Frances Mary D'Andrea - University of Pittsburgh
Hello! My name is Frances Mary D'Andrea, and I currently live in Decatur, Georgia. I started teaching students who were blind or visually impaired in 1982 and happily assumed I’d be a teacher my entire life. But in 1995 I left the classroom for the American Foundation for the Blind (AFB) to take advantage of the opportunity to promote braille literacy on a national scale by coordinating the federal grant "Braille Literacy Mentors in Training: The Next Generation." After completion of this grant, I then developed and coordinated literacy activities as director of AFB’s National Literacy Center.
My colleagues and I worked on a number of projects during the 10+ years I was at AFB. For example, I established the DOTS for Braille Literacy newsletter, and wrote and edited DOTS for ten years. I am also co-author/editor (with Diane Wormsley) of Instructional Strategies for Braille Literacy, and co-editor/author (with Carol Farrenkopf) for Looking to Learn: Promoting Literacy for Students with Low Vision. I am co-author (with Anna Swenson) of The Braille Trail books, and helped to develop the Braille Bug online at AFB’s web site.
In June 2005 I left AFB because I wanted to be a teacher again. After reading volumes of journals and other periodicals describing new trends in education, I wanted to experience them first-hand. In August 2005 I took a part-time position in my local school system as an itinerant teacher of students with visual impairments. While leaving my job at AFB was difficult, it was the best decision I could have made. Teaching again after a ten-year hiatus has certainly helped me see the effect of recent national policies and regulations on students with visual disabilities, especially related to testing, to reading instruction, and on developing Individualized Education Plans. Recent changes in educational practices have redoubled my interest in creating public policy that keeps the unique needs of our students in the forefront, as well as the need to conduct new research that will shed light on the most promising practices for our students. In addition to research, I am interested in passing along what I learn to the next group of people who will become teachers. My experiences this past year have made me appreciate more than ever the creativity, resourcefulness, and enthusiasm of the good teachers I see in schools. With an acute shortage of teachers of students with visual impairments, we need to prepare thousands more to meet the need. I want to be part of that important work.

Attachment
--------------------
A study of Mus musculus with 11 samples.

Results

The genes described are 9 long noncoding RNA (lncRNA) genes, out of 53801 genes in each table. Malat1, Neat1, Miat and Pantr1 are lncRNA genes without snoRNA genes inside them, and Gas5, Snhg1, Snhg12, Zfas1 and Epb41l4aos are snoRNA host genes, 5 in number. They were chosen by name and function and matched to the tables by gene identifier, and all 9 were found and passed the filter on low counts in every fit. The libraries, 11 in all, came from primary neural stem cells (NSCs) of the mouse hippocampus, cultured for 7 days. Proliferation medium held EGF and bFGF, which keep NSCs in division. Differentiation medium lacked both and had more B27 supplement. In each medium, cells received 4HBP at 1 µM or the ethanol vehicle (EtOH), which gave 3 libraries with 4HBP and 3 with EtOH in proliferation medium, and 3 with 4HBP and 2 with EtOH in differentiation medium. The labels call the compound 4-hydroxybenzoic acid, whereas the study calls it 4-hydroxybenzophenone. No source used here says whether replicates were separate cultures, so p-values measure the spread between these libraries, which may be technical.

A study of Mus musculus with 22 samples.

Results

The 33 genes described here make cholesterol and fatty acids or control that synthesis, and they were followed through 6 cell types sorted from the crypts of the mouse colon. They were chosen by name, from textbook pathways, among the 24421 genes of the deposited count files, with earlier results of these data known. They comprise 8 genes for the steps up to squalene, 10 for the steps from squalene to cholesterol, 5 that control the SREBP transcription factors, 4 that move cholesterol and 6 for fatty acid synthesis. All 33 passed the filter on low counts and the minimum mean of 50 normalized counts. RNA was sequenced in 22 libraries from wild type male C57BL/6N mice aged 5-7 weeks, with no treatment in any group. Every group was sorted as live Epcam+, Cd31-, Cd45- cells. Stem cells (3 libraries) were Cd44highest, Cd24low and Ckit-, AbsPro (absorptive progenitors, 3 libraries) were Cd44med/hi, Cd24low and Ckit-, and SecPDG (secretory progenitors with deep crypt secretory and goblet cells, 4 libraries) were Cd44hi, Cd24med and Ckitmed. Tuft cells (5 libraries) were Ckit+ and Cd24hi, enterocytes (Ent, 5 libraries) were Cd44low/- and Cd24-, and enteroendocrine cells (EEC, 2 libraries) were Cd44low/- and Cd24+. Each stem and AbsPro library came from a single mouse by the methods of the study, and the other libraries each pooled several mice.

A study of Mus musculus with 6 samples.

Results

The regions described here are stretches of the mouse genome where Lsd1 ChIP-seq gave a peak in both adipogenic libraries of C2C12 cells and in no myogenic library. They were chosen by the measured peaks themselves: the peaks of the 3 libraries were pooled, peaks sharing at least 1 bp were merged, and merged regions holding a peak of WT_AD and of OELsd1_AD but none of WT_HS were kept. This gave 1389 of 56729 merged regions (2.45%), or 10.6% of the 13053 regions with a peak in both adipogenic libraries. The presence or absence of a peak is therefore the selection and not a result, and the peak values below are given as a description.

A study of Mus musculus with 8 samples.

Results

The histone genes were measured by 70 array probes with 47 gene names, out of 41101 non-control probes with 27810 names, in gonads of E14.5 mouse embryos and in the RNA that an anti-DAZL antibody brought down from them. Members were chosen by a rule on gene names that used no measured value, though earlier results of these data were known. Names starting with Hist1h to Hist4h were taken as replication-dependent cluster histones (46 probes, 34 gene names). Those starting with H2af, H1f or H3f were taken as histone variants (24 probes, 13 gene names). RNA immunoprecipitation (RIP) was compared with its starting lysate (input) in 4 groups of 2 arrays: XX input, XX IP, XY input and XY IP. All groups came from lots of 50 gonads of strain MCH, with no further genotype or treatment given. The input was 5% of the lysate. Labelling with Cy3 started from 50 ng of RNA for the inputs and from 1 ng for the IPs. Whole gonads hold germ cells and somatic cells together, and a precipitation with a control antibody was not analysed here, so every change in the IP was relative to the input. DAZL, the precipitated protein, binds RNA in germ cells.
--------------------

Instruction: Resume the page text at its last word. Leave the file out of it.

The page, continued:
I received my bachelor's degree in special education for the visually impaired (and two other areas) from George Peabody College of Teachers, Nashville, TN, and my master's degree in special education/visual impairments from Georgia State University in Atlanta. I have served in leadership roles on a state and national level with AER and am the District 5 representative on the AER Board (until July 2006), I am also a member of a number of professional organizations, such as the Council for Exceptional Children, the International Reading Association, the National Braille Association, and the National Council of Teachers of English. I continue to serve as AFB's representative to the Braille Authority of North America, and was a delegate for the United States for the past two meetings of the general assembly of the International Council on English Braille.
I am truly honored to be part of the NCLVI fellows, and I look forward to continuing my learning at the University of Pittsburgh and with my colleagues around the country.